Ukraine’s SBU strikes again – through “inertia”
There are ways of gaining fame and respect in the world. There are also roads to notoriety. Ukraine’s new regime, particularly its Security Service, have opted for the latter.
Correspondent from the German newspaper Frankfurter Allgemeine Zeitung, Konrad Schuller stated publicly in August that Ukraine’s Security Service [SBU] had questioned at least two people he had contacted in Ukraine while preparing material about the Presidential elections. The meetings with SBU officers took place in April 2010.
Mr Schuller stated that he had written to the Head of the SBU, Valery Khoroshkovsky, asking for an explanation but had received none. He is also recorded as informing the President of this SBU activity when, during a press interview to German journalists at the end of August, Viktor Yanukovych suggested that he did not ever receive specific information about pressure on journalists.
At the time the SBU denied Konrad Schuller’s allegation, calling it provocation.
On Sunday 10 October, Schuller interviewed Khoroshkovsky for FAZ, and, with regard to the SBU activity, was told: “I have checked it and yes, it did happen”. This was, Khoroshkovsky claimed, because of a problem with Schuller’s accreditation. “Therefore the officers ascertained whether he was there as a journalist or in some other capacity”.
Khoroshkovsky asserted that the surveillance had begun under President Yushchenko, and that it was merely due to the “inertia of the system” that it had been carried out under the rule of Viktor Yanukovych.
If you want to be believed, it is desirable to get your story right. In August the SBU denied the allegations, in October Khoroshkovsky confirmed them, while maintaining that the impetus had come from the previous President’s regime. Now while we can’t, obviously, set a time limit on inertia, if the first checks happened in April and were of people whom Schuller contacted over the presidential elections in January – February this year, the demands on our credulity would seem excessive. Yet the SBU on Monday again issued a statement concentrating on the claim that this was all supposedly set in motion in 2009 and conveniently ignoring the small detail that it only happened in April 2010.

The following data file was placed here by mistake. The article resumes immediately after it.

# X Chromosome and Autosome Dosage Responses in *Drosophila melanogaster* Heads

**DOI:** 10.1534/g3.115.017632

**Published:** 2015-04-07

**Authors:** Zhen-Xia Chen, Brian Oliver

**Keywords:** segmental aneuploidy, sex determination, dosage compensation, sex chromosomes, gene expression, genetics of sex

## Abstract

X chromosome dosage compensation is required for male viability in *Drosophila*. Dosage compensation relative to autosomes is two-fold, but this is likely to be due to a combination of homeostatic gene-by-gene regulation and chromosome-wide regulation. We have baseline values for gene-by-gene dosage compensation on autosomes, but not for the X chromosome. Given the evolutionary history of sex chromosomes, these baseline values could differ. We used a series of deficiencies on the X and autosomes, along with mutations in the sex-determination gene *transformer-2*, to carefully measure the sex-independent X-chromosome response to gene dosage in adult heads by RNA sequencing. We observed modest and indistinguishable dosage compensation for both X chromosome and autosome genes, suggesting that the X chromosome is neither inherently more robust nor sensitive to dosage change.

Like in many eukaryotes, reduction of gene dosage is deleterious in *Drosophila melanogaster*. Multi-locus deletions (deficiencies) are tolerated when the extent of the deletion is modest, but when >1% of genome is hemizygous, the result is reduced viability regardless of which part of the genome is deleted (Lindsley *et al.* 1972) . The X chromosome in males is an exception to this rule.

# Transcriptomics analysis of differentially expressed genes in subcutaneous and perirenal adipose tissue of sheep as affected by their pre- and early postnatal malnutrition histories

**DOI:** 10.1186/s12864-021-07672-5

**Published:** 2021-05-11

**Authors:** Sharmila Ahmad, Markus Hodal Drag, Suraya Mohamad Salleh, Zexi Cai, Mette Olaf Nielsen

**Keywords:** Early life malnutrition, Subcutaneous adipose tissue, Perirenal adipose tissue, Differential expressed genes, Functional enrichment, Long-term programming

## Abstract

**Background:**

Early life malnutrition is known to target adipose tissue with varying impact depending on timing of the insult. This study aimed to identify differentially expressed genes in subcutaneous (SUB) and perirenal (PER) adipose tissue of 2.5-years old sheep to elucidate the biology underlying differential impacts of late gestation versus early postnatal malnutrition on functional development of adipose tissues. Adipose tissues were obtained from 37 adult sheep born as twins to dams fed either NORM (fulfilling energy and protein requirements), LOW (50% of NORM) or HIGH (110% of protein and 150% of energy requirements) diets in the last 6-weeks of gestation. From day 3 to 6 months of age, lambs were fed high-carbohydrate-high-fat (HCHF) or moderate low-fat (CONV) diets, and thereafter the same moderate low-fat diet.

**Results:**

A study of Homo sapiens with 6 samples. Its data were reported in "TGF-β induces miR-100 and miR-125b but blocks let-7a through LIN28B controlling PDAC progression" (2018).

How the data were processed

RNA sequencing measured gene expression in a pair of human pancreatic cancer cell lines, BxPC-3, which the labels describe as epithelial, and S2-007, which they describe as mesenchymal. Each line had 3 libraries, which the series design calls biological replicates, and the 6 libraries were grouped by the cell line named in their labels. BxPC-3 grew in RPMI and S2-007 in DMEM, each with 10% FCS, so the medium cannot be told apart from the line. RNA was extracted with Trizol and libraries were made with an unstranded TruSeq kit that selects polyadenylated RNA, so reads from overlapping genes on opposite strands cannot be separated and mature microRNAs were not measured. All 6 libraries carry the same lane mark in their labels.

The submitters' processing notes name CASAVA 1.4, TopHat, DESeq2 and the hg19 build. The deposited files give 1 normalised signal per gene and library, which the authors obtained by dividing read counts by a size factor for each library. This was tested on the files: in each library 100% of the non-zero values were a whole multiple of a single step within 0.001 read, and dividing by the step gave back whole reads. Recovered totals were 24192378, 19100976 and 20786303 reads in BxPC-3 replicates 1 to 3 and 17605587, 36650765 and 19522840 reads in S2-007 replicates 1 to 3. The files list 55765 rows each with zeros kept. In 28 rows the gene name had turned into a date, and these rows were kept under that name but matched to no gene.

We might also ask why the SBU which is supposed to have considerably more important tasks should be dealing with a clearly administrative hiccup. Whether or not Mr Schuller had accreditation, it was quite clear which newspaper he worked for. Why seek out people he contacted?
The questions are becoming increasingly rhetorical, as the heavy-handed methods for demonstrating “vigilance” become all too avert. Mr Schuller had previously, under Yanukovych’s last period as Prime Minister, been much less than complimentary in his coverage. Nico Lange, Director of the Kyiv Office of the Konrad Adenauer Foundation, who was held at Kyiv airport for around 10 hours on SBU instructions in late June had at the beginning of June written an article in which he spoke of authoritarian tendencies emerging under President Yanukovych. The crass stupidity of measures aimed at showing muscle to those who express views the regime doesn’t like does not make the measures any the less worrying.
It is frustrating that Ukraine, which badly needs support and investment, is being so ill-served by the present regime. The full interview with Khoroshkovsky began with him being introduced as “one of the most powerful men in Ukraine. You own a media empire. You head the Security Service SBU with 30,000 employees and occupy a seat in the High Council of Justice which oversees the justice system and lawyers. Of the three branches of power, you have control over two of them, the Executive and the Judiciary, as well as the “fourth power”, the media”.
Khoroshkovsky’s claim that he controls nothing, that he is simply a member of these institutions, is less than convincing. Concern over his position, and the inevitable conflicts of interest, as well as over methods used by the SBU has been expressed by the Parliamentary Assembly of the Council of Europe as well as many other western observers.
Frankfurter Allgemeine notes that it is unclear why the Head of the SBU suddenly admitted to the surveillance. The degree of ineptitude required to notch up quite so many scandals over the last seven months does give rise to the suspicion that subterfuge and secrecy are not the name of the game.
The trouble with this game is that it seriously risks Ukraine’s reputation. Nor is only political reputation at stake since if this is the road Ukraine’s present regime is taking, it is not only forthright journalists, but all those with business or other interests in the country who should be concerned.